There May Be A Way To Predict Postpartum Depression

Postpartum depression affects one out of every 10 women in the United States between the ages of 18-44, and those are just the women who come forward. Many women continue to suffer in silence, tired and sad and feeling hopeless, unaware as to why they're feeling so low. There has never been a clear, early indicator of who might eventually suffer from postpartum depression — until now. A new international study, there may be a way to predict postpartum depression, and if researchers are correct in their estimations, it could be a huge step in the right direction for mothers everywhere.

The study, called the Postpartum Depression: Action Towards Cause and Treatment Consortium, or PPD ACT, consists of an international group of academic clinicians, researchers, and scientists "committed to understanding the interaction of genes and environment to predict which women are at risk of postpartum depression," according to their website. Researchers for PPD ACT have created an app using smartphones to collect data from women who have struggled with PPD in Australia, Canada, and the United States. The data collected includes DNA samples from "spit kits" to help understand the potential interaction between genes and environment, which could better identify women who are more likely to be at risk for PPD or PPP (postpartum psychosis).

Dr. Simone Vigod, a psychiatrist at the Women's College Hospital in Toronto, Canada, told HuffPost Canada that the information collected by the PPD ACT will "help [researchers] understand the genetic link of postpartum depression and postpartum psychosis." Vigod added,

Our goal is to use this data to develop preventative strategies and targeted treatments for women who are at risk of developing these mental health challenges.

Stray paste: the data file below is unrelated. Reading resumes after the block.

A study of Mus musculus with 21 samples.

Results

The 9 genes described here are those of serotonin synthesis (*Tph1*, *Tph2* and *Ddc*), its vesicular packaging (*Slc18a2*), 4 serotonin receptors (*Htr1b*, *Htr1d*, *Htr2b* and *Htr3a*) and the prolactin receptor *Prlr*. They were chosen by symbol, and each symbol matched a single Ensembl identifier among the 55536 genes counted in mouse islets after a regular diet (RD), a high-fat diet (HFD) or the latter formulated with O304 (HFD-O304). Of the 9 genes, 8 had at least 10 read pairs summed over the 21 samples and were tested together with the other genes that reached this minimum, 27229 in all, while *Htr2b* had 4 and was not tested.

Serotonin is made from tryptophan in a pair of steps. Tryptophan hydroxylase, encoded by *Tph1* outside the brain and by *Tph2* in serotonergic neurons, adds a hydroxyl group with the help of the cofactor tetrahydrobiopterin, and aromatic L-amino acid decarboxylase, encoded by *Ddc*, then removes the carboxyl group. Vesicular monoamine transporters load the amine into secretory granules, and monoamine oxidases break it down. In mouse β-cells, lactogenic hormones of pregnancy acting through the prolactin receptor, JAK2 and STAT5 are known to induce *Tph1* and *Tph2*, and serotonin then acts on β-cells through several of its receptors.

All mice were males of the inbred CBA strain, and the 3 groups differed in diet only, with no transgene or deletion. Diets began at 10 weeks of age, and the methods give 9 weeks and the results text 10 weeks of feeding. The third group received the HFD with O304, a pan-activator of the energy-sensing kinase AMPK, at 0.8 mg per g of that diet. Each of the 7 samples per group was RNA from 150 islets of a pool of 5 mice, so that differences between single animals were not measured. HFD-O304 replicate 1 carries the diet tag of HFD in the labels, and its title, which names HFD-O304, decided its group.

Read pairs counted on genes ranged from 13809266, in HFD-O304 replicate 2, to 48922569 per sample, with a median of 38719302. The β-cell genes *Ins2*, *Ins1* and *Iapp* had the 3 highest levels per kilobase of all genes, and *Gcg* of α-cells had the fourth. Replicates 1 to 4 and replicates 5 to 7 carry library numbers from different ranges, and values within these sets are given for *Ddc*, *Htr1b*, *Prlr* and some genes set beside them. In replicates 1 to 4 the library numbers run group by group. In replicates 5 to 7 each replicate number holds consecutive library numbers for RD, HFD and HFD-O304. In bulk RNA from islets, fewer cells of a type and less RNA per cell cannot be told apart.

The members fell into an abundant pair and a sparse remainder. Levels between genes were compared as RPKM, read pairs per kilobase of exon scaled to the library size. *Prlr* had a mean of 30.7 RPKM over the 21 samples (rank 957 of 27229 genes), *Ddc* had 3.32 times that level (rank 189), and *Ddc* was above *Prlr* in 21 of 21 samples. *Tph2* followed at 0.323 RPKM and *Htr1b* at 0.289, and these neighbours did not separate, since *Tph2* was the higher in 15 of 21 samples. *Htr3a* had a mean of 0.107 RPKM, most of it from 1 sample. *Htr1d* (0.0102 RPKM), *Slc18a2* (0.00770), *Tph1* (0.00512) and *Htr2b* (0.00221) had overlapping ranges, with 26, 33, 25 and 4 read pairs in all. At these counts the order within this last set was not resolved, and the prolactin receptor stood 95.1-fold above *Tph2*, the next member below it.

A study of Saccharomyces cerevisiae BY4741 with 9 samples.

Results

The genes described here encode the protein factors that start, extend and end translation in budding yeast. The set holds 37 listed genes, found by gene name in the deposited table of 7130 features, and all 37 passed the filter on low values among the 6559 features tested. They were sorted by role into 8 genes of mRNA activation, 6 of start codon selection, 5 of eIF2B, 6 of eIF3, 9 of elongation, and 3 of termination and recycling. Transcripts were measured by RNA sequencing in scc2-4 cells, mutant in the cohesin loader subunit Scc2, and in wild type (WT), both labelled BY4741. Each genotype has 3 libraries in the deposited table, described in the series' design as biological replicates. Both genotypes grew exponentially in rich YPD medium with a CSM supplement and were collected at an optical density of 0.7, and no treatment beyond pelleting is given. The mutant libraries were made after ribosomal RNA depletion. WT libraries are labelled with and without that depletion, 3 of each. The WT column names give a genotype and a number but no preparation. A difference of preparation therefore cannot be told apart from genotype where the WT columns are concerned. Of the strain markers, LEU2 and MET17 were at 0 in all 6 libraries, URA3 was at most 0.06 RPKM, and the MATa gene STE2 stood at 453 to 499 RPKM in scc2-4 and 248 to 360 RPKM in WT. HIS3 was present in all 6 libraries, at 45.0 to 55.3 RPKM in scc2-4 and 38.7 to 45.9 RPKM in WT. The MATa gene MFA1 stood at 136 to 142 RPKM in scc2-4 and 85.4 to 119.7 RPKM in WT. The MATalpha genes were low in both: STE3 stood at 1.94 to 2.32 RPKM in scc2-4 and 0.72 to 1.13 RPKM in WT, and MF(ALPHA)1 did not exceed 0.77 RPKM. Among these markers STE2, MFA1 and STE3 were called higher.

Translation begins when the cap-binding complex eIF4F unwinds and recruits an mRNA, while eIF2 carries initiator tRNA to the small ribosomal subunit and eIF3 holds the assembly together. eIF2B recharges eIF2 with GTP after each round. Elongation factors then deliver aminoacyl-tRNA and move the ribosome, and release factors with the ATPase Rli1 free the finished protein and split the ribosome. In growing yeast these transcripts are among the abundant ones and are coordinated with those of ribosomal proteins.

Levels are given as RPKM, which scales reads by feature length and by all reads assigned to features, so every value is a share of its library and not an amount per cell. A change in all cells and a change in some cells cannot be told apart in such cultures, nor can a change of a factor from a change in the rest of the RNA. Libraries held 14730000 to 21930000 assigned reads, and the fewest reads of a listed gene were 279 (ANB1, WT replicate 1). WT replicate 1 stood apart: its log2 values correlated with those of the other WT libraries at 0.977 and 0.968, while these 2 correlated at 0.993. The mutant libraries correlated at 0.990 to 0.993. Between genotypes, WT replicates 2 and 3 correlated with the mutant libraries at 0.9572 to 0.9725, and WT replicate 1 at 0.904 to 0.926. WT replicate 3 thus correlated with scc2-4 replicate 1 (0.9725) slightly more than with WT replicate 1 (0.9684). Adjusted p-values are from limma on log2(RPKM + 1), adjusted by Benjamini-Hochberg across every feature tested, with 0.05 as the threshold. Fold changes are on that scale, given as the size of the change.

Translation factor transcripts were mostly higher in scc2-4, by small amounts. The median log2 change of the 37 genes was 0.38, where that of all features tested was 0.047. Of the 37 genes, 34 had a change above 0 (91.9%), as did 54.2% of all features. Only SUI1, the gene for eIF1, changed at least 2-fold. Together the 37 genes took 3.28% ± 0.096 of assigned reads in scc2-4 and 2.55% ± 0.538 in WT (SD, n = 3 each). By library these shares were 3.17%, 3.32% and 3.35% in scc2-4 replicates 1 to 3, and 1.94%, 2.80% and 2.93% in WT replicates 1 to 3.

The University of North Carolina at Chapel Hill is overseeing the study in the United States and will collect data from the free app available in the App Store and Play store. To be eligible for the study, you must be a woman over the age of 18 and have experienced either PPD or PPP. Symptoms for PPD include, according to the Centers for Disease Control and Prevention:

  • Crying more often than usual.
  • Feelings of anger.
  • Withdrawing from loved ones.
  • Feeling numb or disconnected from your baby.
  • Worrying that you will hurt the baby.
  • Feeling guilty about not being a good mom or doubting your ability to care for the baby.

Symptoms of PPP include:

  • delusions
  • bizarre behavior along with mania
  • sleep disturbance
  • hallucinations

There are two phases of the study, the first of which is collecting data from the free app by answering questions about your mood, anxiety symptoms after giving birth, etc. You will get feedback from your responses as well as information on doctors who specialize in PPD and PPP in your area.

In phase two, some women might be sent a kit in the mail for saliva collection. The researchers at PPD ACT believe that these saliva samples could make a significant difference in identifying genetic links to PPD, explaining:

If we do this for tens of thousands of women, we can identify the genetic differences in women who got postpartum depression. This will allow us to develop new treatments.

As of April, they have sent out 5,000 spit kits in the U.S. The goal of the study is to reach 100,000 women worldwide... and find a way to predict the possibility of postpartum depression so that it can be treated early.